Defense Logistics Agency and U.S. Transportation Command leaders discussed how to partner effectively and efficiently to provide support to warfighters worldwide June 27 at the McNamara Headquarters Complex.
“As one of your big partners in the distribution concept, we’re always effective, but we’re also very mindful of what things cost,” said DLA Director Navy Vice Adm. Mark Harnitchek during his opening comments. “As a Defense Working Capital Fund activity, we’re not spending our money, we’re spending [the customers’] money. I think this team’s doing great.”
USTRANSCOM/DLA Day is an annual meeting that gives senior leaders and staff from both organizations a chance to discuss logistics issues of mutual interest. DLA Director Navy Vice Adm. Mark Harnitchek co-hosted the event with USTRANSCOM Commander Air Force Gen. William Fraser, who echoed the admiral’s remarks about efficiency.
“You’re doing some great things here,” he said. “It’s causing us all to think because we don’t have the resources we had in the past. The more we can do to not pass the bill onto others, the better off we’ll be going forward.”
Fraser said the effort the two organizations are making to be more efficient in their support is drawing interest from other militaries with similar concerns.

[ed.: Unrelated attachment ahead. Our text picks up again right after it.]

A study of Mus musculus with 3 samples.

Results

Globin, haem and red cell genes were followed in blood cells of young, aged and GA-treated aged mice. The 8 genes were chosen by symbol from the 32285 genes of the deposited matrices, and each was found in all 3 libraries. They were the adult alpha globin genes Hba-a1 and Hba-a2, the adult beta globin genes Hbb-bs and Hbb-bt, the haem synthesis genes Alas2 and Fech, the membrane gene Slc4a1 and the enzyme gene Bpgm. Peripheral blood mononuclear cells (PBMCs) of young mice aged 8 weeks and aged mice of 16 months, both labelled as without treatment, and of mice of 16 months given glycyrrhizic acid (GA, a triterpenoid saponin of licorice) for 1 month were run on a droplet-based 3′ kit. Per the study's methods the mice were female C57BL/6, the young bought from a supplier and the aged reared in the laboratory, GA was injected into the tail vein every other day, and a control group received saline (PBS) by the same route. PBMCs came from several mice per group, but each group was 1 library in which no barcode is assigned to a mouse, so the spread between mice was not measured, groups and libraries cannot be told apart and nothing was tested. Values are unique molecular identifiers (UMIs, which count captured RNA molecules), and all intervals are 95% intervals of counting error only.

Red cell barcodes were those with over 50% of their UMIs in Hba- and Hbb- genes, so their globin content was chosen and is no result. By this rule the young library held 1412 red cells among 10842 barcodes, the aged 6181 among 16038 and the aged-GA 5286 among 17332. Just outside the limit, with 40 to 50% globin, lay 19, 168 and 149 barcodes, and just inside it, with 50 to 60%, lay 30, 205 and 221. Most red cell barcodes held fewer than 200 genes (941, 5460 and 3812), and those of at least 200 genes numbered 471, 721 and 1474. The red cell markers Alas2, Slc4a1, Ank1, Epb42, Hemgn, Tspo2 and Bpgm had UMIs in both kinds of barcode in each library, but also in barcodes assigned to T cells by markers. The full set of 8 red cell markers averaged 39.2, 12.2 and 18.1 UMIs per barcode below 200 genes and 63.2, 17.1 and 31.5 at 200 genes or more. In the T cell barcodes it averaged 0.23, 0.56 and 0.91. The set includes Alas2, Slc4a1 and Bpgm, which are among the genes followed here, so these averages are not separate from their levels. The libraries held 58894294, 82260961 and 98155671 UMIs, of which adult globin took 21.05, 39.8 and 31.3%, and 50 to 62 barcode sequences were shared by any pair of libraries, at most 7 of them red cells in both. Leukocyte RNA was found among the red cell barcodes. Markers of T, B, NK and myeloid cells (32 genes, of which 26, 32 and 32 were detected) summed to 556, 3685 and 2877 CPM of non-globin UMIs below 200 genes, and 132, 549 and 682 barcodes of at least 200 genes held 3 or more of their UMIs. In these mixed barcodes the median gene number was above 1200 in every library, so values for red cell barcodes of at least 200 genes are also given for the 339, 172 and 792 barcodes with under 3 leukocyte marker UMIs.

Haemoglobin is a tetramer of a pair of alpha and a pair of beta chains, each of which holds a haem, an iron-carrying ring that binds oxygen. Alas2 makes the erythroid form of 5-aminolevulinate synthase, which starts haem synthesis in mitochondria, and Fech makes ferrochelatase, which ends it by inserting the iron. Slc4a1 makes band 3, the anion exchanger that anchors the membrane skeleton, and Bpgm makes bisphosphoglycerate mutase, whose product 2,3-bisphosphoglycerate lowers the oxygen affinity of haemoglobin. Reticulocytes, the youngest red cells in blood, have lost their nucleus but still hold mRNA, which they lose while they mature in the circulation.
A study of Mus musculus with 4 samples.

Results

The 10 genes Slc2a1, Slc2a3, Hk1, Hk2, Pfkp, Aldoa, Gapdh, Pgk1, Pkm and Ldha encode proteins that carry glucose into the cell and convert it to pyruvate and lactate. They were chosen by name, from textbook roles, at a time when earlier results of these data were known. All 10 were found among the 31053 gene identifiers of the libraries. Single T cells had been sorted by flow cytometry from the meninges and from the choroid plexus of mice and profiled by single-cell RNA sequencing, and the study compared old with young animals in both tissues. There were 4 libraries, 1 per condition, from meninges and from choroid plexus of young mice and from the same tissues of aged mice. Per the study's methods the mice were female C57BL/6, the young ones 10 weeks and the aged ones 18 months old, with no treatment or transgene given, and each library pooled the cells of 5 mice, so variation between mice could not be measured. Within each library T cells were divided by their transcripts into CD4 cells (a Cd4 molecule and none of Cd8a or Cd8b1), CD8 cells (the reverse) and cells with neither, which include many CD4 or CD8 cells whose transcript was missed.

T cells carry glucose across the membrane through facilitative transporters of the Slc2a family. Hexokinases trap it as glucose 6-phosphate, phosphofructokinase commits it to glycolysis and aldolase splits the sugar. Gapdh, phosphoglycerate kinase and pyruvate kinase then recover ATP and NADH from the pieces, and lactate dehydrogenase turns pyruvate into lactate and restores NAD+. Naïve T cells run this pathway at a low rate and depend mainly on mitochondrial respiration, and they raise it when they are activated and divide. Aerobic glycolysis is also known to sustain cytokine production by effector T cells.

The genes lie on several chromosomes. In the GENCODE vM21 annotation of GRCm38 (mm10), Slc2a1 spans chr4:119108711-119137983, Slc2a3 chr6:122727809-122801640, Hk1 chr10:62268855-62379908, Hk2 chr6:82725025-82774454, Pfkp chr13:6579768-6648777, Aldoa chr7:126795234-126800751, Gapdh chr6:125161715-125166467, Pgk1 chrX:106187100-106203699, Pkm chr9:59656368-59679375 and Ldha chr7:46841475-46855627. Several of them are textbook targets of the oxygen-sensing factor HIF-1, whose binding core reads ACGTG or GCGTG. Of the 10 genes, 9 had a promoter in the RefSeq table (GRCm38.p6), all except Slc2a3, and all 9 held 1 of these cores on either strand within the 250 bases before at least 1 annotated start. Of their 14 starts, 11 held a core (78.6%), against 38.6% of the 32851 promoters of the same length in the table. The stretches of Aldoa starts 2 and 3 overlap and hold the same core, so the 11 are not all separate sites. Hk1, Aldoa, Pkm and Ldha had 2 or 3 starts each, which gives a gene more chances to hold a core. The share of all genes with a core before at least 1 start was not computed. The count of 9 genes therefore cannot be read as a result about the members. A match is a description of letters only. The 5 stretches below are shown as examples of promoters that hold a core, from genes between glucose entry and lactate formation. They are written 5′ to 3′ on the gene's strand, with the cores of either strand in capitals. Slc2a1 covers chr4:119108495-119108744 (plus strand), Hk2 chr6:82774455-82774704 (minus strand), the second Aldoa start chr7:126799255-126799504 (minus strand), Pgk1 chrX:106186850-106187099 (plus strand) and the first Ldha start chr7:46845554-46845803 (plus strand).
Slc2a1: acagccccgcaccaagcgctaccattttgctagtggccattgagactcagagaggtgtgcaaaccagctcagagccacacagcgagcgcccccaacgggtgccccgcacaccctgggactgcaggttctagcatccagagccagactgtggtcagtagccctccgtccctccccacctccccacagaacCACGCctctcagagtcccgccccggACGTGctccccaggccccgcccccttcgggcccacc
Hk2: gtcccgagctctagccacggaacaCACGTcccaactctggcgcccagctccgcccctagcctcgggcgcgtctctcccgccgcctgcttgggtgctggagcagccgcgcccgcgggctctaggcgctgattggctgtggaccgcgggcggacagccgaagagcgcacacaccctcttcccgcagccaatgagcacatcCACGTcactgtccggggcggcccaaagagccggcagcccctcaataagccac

“As I was meeting yesterday with the Defense Attache Association, one of the questions I was asked is how the relationship was with DLA. I didn’t expect that, not from these defense attaches from other countries. There were 60 or 70 of them there,” he said. “That was kind of interesting. I told them it was great and that we continued to move together and partner. There is a lot of opportunities to work together. Others are watching.”
The meeting’s agenda included current operations in Afghanistan, DLA’s efforts to save more than $10 billion over the next five years, the consolidation of infrastructure in Europe and support to the rebalancing of forces in the U.S. Pacific Command area of responsibility.
Fraser said that warfighters engaged in operations was the right area to maintain focus on, but that both organizations need to continue looking forward.
“We have to stay tied to [warfighters in Afghanistan] and what’s happening there,” he said. “As we continue to look to the future, we have to understand what it’s going to look like. It could change very rapidly.”
Harnitchek said that meetings like this and continued collaboration between the two organizations are both crucial to accomplishing each one’s goals.
“When you put DLA and TRANSCOM together, we’re pretty good at getting others to listen,” he said.